Kevin Costner, the Academy Award-winning actor-director known for films such as "Dances With Wolves" and the current TV hit "Yellowstone," is lobbying Utah lawmakers to offer more tax rebates to films that choose to shoot in rural parts of the state.
Costner told the Deseret News that he has several movies he would like to film in Utah, but doing so will depend on the outcome of Senate Bill 49, which is currently under consideration in the Utah Legislature.
"My biggest hope is that the state backs SB49 and that dream becomes a reality," he said. "I don’t really want to go anywhere else with these five movies."
Utah and other states have increasingly ratcheted up the size of incentives they offer to film and TV productions as part of efforts to compete for their business.
Utah currently offers up to $8.3 million in tax rebates annually to productions that chose to film in the state. Under the Utah Film Commission's Motion Picture Incentive Program, productions can be refunded 20-25% of the taxes they pay on direct production expenditures, including goods, services, wages and income, up to the maximum allowed amount.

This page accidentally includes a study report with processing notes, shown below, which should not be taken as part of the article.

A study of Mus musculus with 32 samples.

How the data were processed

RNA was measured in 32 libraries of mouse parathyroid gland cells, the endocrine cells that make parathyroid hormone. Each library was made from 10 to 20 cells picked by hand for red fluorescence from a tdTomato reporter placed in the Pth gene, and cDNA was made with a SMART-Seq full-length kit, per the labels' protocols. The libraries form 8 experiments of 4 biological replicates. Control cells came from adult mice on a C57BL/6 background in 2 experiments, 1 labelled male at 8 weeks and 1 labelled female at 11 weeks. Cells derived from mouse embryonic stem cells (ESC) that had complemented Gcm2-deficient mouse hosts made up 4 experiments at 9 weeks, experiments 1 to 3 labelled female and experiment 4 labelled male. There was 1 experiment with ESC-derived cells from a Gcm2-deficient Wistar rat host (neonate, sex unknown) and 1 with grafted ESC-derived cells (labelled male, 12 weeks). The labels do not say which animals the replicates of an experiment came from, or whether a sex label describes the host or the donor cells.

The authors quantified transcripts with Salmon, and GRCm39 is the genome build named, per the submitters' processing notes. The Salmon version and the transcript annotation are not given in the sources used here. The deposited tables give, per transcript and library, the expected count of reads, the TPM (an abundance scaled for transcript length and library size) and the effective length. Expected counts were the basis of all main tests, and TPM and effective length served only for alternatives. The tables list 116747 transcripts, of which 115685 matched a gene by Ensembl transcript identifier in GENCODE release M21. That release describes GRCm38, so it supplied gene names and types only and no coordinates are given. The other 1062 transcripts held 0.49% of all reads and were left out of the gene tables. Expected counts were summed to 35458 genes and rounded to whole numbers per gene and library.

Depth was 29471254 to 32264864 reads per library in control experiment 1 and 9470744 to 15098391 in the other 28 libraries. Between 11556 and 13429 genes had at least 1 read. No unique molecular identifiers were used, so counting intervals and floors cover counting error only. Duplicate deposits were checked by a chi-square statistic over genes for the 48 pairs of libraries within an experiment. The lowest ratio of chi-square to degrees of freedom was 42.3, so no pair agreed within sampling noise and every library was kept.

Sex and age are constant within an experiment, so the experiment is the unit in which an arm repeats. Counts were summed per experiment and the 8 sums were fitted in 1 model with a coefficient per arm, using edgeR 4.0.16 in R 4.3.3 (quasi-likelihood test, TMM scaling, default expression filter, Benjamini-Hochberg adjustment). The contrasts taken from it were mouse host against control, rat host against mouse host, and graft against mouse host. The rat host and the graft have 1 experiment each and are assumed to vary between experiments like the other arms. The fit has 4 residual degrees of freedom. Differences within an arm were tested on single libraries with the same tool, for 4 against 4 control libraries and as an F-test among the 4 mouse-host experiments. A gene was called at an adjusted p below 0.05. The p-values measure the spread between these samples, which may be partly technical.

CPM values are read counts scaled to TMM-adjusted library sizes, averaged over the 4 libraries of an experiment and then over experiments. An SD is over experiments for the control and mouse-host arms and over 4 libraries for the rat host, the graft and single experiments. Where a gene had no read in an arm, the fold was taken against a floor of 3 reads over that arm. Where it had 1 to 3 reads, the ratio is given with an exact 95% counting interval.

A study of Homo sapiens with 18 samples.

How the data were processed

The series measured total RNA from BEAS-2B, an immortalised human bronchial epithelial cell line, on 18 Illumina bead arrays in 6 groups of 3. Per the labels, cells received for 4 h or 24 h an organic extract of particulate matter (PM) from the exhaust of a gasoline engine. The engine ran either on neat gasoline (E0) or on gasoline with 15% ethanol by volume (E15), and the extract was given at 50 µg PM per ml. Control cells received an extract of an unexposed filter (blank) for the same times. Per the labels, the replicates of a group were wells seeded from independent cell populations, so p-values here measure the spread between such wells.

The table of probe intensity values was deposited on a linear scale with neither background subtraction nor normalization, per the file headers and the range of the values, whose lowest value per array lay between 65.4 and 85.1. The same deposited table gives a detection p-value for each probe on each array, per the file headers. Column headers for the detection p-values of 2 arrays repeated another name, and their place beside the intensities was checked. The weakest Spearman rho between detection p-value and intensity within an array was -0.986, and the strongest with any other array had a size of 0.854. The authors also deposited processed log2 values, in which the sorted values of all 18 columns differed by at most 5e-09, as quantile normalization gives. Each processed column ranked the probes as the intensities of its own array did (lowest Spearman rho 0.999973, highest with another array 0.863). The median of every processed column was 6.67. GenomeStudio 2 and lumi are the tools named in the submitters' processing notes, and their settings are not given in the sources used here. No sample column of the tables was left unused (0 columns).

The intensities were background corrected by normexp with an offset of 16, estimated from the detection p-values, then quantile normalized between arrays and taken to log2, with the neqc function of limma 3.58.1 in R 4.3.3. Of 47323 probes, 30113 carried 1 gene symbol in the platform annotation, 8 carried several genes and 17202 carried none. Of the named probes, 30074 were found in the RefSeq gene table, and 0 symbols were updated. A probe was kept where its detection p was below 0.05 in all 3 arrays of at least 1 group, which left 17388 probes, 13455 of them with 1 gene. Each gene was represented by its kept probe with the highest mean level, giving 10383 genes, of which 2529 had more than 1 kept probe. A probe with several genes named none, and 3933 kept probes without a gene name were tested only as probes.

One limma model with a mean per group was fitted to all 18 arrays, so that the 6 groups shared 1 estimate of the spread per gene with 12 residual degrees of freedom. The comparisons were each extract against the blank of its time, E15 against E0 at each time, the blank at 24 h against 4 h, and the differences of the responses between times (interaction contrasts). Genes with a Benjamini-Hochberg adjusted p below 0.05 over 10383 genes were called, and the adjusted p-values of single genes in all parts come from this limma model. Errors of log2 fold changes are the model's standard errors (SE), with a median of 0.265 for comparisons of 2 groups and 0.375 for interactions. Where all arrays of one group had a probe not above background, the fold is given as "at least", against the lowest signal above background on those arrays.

Senate Bill 49 would lift the $8.3 million cap for productions filmed in rural areas of the state. Republican State Sen. Ron Winterton, the proposal’s sponsor, argues that increasing the size of incentives will draw more films to areas of the state with small, often tourism-reliant economies.
Proponents argue that production spending and the publicity from films shot in the state justify pouring tax revenue into incentive programs, which draw from the state’s general fund.
Costner's push comes years after "Yellowstone" moved most of its production from Utah to Montana after lawmakers there increased the size of that state's incentive program.
Costner’s attorney told The Deseret News that Costner would likely chose not to shoot films including his upcoming Western "Horizon" in Utah unless the state offered more incentives.